Dogs are man's best friend, but squirrels may very well be a dog's worst enemy.
Johnny, a boxer dog, learned the hard way when he was let off leash and was hit by a truck while chasing a squirrel. It happened in the blink of an eye and Johnny's owners were left in a state of shock not knowing what to do or where to go to help their badly injured best friend.
Most pet owners are left panicking when they find their beloved pet in a life or death situation. April is Pet First Aid Month and it is a great time for pet owners to learn how best to handle pet accidents and emergencies.
Johnny, a boxer dog, found out the hazards of chasing squirrels.
Veterinarian Michael Bottorff, at East Lawn Animal Hospital, said "I think first aid awareness is all about prevention of problems and one of the biggest problems that we see are animals that have unrestricted movement; cats and dogs who are allowed to freely roam outdoors or are let off leash."
Having a first aid box readily available in case of emergency is a must have for any pet owner. Dr. Botoroff suggests including such items as hydrogen peroxide to clean any wounds, rubbing alcohol, a soft cotton bandage, adhesive tape, an ace bandage, triple antibiotic ointment to treat superficial wounds and something to secure a tourniquet like a heavy rubber band.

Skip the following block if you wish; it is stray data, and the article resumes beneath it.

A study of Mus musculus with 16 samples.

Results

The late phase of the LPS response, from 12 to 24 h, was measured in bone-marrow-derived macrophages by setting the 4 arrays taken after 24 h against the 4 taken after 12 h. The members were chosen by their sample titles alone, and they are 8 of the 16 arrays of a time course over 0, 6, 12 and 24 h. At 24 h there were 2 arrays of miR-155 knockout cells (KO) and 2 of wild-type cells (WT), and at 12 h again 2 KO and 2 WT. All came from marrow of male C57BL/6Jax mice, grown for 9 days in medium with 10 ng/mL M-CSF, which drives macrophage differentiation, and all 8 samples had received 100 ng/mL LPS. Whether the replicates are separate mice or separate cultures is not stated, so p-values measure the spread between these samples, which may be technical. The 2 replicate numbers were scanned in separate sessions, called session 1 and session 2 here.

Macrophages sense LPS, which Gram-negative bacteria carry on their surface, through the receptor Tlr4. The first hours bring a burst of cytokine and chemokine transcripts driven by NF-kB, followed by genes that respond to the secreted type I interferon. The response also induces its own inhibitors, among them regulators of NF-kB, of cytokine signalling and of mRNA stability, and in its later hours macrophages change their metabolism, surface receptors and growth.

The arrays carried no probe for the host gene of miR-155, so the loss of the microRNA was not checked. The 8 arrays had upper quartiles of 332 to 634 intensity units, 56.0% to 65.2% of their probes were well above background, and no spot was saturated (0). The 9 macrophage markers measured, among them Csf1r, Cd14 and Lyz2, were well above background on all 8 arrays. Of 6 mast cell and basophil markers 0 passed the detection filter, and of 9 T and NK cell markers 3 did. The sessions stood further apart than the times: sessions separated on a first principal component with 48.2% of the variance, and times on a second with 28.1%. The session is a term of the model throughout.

So what do you do if faced with the unexpected pet emergency?
ASPCA Animal Poison Control Center
"Each individual owner ought to talk to their own veterinarian about what their protocol for emergencies is before something happens. East Lawn Animal Hospital has someone on call and ready to respond to emergencies 24/7, 365 days a year. I can't stress enough that every pet owner should ask their veterinarian from their initial visit how they handle emergencies." Bottorff said.
Simple first-aid procedures can be the difference between life and death. Knowing how to apply pressure to a source of bleeding and place a temporary bandage is vital to your pet's safety, and may even save the life of your furry or feathered friend. Having the number of the poison control center and posting it where it is easily seen is crucial. Bottorff said, "If an animal has ingested a potentially poisonous substance and it is discovered within an hour what I am going to tell people is to give their pet 1 tsp. of hydrogen peroxide by mouth every 10 minutes until they empty their stomach contents."
Animal poisoning can be fatal but is nearly always preventable, he said.
"The two most common poisoning situations that have come into East Lawn Animal Hospital are pets that get into their owner's medication and pets that ingest antifreeze. Antifreeze is one of the most deadly poisons for any animal. The mixture is sweet to the taste and just a small lick can cause irreversible kidney problems for your pet," said Bottorff.
He also advises pet owners to be sure their medication is up and out of the reach of curious cats and dogs that will eat up just about anything they find.
So what happened to Johnny the squirrel-chasing-dog who was let off leash and was hit by a truck? He had two broken legs and numerous other injuries, but his tale has a happy ending. Johnny now chases squirrel only from the safety of his fenced backyard. His owners smother him with hugs and have learned that it only takes one unguarded moment of allowing their trusty pet to roam leash free for tragedy to strike.